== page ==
SWK 420 Chapter Notes - Chapter 5: Crystal Computing, Time Series, Random Assignment

Good studies have:
o Random assignments
o Control groups
Threats to Internal Validity
o History: Natural disasters (hurricanes)
o Maturation: Developmental maturity.
o Statistical regression to the mean: Giving the anxiety questionnaire right before
the test.
o Instrumentation or Testing: Questionnaire too long or tested too many times.
o Mortality: People missing the intervention
Quasi-Experimental Group Design
Random group is missing.
Choosing the Right Design
Design issues related to finances include:
o The use of staff time for collecting data
o Postage, telephone, or travel expenses
o Purchase of copyrighted instruments or scales
o Computer processing of the data
o The use of consultants
o Release time to write the report
o Etc.
In terms of evidence-based practice, group research designs with randomized
assignment to the treatment condition (experiments) or with time-series designs with
a good comparison provide the most credible evidence.
Time-series designs without a comparison group provide a middle range of
Selecting Subjects
Proactive research: Being about to plan months in advance and can build a process for
future recruitment of eligible clients
Retroactive research: Current clients may be compared to clients who previously
completed a program or who have already dropped out in the past.
Experimental Research
The classic experimental design is the idea, the gold standard or model to which all other
research designs are compared.
What is an experiment? It is a controlled study where clients or subjects are randomly
assigned to a group (sometimes called a condition) where they will receive a new (or
different) intervention from those designated to be in the control group.
The notion of random assignment is crucialit prevents a number of extraneous
variables or possibly cofounding variables and biases from interfering with the
researcher’s ability to make a conclusion about the strength or weakness of the
The Classic Experimental Research Design
These designs have two main features:
o Clients (or subjects) who participate in the experiment are randomly assigned.
o Besides the experimental group, some subjects must be assigned to a control (or
comparison) group that does not get the new intervention.
Shorthand notation for the classic pretest-posttest control group design is written:
R O1 X O2
R O1 O2
The R in this notation scheme stands for the random assignment of clients to either the
experimental or the control group.
The X represents the intervention or stimulus.
The first observation (O1) is called the pretest, and the second observation (O2) is called
the posttest.
This design provides information not only about changes in the group that receives the
intervention, but also comparable information from the group that does not get the
experimental intervention.
Random assignment must occur prior to the intervention.
In double-blind procedure, neither the researcher nor the research subject knows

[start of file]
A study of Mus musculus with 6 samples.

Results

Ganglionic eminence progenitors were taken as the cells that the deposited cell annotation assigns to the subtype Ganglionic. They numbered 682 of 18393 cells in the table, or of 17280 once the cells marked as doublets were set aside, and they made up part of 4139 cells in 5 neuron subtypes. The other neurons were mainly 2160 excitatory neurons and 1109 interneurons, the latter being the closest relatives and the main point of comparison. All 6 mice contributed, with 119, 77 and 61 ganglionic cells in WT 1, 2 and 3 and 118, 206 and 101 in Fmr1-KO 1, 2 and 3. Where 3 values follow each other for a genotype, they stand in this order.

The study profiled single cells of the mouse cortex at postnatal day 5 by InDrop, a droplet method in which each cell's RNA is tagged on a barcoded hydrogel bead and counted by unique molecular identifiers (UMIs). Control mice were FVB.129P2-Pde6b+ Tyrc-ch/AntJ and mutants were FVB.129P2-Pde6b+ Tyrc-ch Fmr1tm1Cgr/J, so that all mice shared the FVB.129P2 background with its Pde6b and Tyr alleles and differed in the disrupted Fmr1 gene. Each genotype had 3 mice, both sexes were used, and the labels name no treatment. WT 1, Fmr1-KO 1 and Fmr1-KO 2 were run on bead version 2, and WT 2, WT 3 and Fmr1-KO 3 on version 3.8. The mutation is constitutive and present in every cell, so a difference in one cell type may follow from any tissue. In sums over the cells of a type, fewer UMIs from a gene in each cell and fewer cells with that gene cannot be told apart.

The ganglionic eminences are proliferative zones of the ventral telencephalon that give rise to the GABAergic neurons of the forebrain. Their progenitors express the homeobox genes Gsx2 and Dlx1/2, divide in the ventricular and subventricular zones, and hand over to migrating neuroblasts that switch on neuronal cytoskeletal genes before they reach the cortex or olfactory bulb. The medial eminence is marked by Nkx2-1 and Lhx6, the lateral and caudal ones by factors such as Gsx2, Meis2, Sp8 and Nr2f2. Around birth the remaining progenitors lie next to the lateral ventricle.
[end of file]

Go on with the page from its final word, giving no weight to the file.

whether participants are in the control or the experimental group.
The Posttest-Only Control Group Design
This design is handy for those situations where a pretest might affect the posttest results
or when it is not possible to conduct a pretest.
This design is also useful in situations where anonymity is paramountso it would not
be possible to compare an individual’s pretest and posttest scores.
Shorthand notation for the Posttest-Only Control Group Design:
R X O1
R O2
The Solomon Four-Group Design
Shorthand notation for the Solomon Four-Group Design
R O1 X O2
R O1 O2
R X O2
R O2
This design provides two opportunities for the treatment effect to be demonstrated.
The design’s strong point is that the investigator can maximally control for alternative
explanations and thus increase the confidence that can be placed in the findings.
Internal and External Validity
Internal Validity: whether the intervention was truly responsible for the observed
differences in the dependent variable
The internal validity of a study can be threatened by extraneous variable.
Extraneous variables: those not considered or purposely incorporated into the experiment.
External validity is concerned with whether a study can generalize well to other
populations, locations, and client groupings.
Measurement validity is concerned with how well an assessment instrument measures the
concept it was designed to capture.
Conversational uses of “validity” or “valid” when applied to a research project generally
mean that a study was real, authentic, meaningful, relevant, or simply just a “good”
Major Threats to Internal Validity
Maturation: The aging of participants or different rates of physical growth or
development within comparison groups are examples of influences that should recognize
and attempt to control as much as possible.
History: This refers to specific events that occur between the pretest and posttest that
were not part of the researcher’s design and that could influence the results. (Personal
events in a client’s life are not considered to be threats to the internal validity of a study.)
Testing: Repeated testing provides practice and in itself can improve test scores. The
threat of testing is sometimes known as the practice effect.
Instrumentation: This term refers to changes in:
o The use of the measuring instrument
o The way the instrument is scored
o Procedures used during the study
o The way the dependent carriable is counted or measured.